Let me paint you a rosy picture of barracks life. Imagine if you will, fifty of the stinkiest, smelliest recruits like yourself all sharing one room. Approximately twenty-five bunk beds, or “racks” as they are called in Marine Corps terminology shoved into this barracks and you get to share one with a fellow recruit who is just as freaked out as you are.
Each morning at 0400 (that’s 4:00 a.m., start learning military time now) you will be “gently” awakened by the shrieking sounds of the drill instructors screaming at you to “get on line.” This means that they would like you get out of your oh so cozy beds to meet them on the line of tape that is in front of, and runs parallel to, the row of racks. They also “ask” that you put just your toes on this line. From there, they will tell you what you should do next. At this point you will wish that they had just thrown a grenade in your rack, as it would be much less stressful and less noisy compared to what they have in store for you.
If you think you have the freedom to stretch, yawn, get out of bed at your leisure or even go to the bathroom (now referred to as the “head”), you are sadly mistaken. Everything is done by what they call “the numbers.” That means that the “accommodating” drill instructors will now tell you when and in what order you can do the simplest tasks.
Barracks life is the epicenter of chaos in boot camp. It is the same stress-induced, intense routine every single day you are there. From the time you awake to the moment the drill instructors allow you to climb into your racks at night, you will not stop. You will either be moving from one place to another, learning something or drinking from your canteen. In many cases you are doing all three simultaneously.
Despite the appearance that the Marine Corps wants to get its jollies tormenting new recruits, there is a reason why they do anything and everything that they do. I have personally never seen an organization so efficient and methodical in the way they train their people. Every single action and statement is an effort in psychological training.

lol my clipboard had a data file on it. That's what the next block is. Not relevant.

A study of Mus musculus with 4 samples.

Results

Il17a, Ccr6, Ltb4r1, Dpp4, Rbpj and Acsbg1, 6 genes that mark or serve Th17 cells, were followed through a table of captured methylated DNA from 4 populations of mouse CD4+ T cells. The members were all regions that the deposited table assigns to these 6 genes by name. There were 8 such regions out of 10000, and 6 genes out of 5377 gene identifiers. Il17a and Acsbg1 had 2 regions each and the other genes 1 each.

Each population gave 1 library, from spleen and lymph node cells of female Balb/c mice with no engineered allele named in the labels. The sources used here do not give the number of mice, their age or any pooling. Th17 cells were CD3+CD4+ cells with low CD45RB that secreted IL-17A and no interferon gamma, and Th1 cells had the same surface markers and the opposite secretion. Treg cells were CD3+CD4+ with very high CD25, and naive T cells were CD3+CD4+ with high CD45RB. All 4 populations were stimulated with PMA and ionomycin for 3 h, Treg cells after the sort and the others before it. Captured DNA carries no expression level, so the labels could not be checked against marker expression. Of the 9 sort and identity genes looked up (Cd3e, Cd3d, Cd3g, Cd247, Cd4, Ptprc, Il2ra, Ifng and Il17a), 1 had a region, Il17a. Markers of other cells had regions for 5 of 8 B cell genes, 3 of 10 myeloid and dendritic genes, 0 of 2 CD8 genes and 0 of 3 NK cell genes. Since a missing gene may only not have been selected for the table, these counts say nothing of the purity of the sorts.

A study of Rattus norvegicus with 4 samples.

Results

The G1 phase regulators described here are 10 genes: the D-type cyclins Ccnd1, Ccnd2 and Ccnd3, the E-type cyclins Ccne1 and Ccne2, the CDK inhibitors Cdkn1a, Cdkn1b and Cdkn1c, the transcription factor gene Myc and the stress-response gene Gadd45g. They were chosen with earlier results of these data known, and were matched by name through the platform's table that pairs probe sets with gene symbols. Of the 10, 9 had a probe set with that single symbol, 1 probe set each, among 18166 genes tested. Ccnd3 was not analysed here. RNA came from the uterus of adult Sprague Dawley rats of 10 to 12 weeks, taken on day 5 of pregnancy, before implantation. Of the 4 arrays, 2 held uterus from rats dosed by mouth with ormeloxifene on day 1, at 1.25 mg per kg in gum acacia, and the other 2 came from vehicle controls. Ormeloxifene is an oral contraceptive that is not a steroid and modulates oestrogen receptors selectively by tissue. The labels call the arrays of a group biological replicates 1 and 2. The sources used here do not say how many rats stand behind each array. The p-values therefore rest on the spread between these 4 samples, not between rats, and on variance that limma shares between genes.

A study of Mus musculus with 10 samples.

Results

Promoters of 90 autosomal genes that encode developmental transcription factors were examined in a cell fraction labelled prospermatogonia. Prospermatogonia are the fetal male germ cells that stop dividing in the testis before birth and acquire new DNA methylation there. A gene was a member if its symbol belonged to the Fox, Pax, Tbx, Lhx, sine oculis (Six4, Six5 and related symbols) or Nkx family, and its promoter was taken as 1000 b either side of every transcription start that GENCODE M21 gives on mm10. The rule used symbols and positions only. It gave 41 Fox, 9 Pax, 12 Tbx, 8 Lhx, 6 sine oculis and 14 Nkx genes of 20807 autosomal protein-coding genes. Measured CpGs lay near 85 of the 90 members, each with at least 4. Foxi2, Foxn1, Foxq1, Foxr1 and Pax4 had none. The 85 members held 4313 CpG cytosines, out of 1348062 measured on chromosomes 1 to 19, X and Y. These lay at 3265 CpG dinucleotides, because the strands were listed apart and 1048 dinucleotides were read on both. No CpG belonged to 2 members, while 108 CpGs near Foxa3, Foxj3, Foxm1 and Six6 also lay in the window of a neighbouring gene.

The barracks is where you will start and end your day, with many stops in between. You and your fellow recruits will either be on your hands and knees cleaning your barracks or you will be doing punishment exercises (“I.T.”)on the “quarterdeck,” the space in the middle of the barracks between the racks. The barracks is a place where you will have to learn how to interact with your other recruits when you are allowed to do so and where you will learn some of your greatest lessons about the Marine Corps.
The best piece of advice I can give you for surviving Marine Corps boot camp is that your success or failure will be mostly due to your mental strength. Channel your fear into understanding that you don’t have to know why the drill instructors are yelling at you, or why they are making you do certain tasks. If you can just understand that there is a valid reason for their actions, then it makes surviving this a lot easier. Drill instructors are some of the best trained Marines in the Marine Corps, and for that matter some of the best trained military men and women in the U.S. military. The Marine Corps has invested an entire proven history of the most efficient training of Marines in the world.
There is a psychological reason behind every single action they do. Trust in this and you will do fine.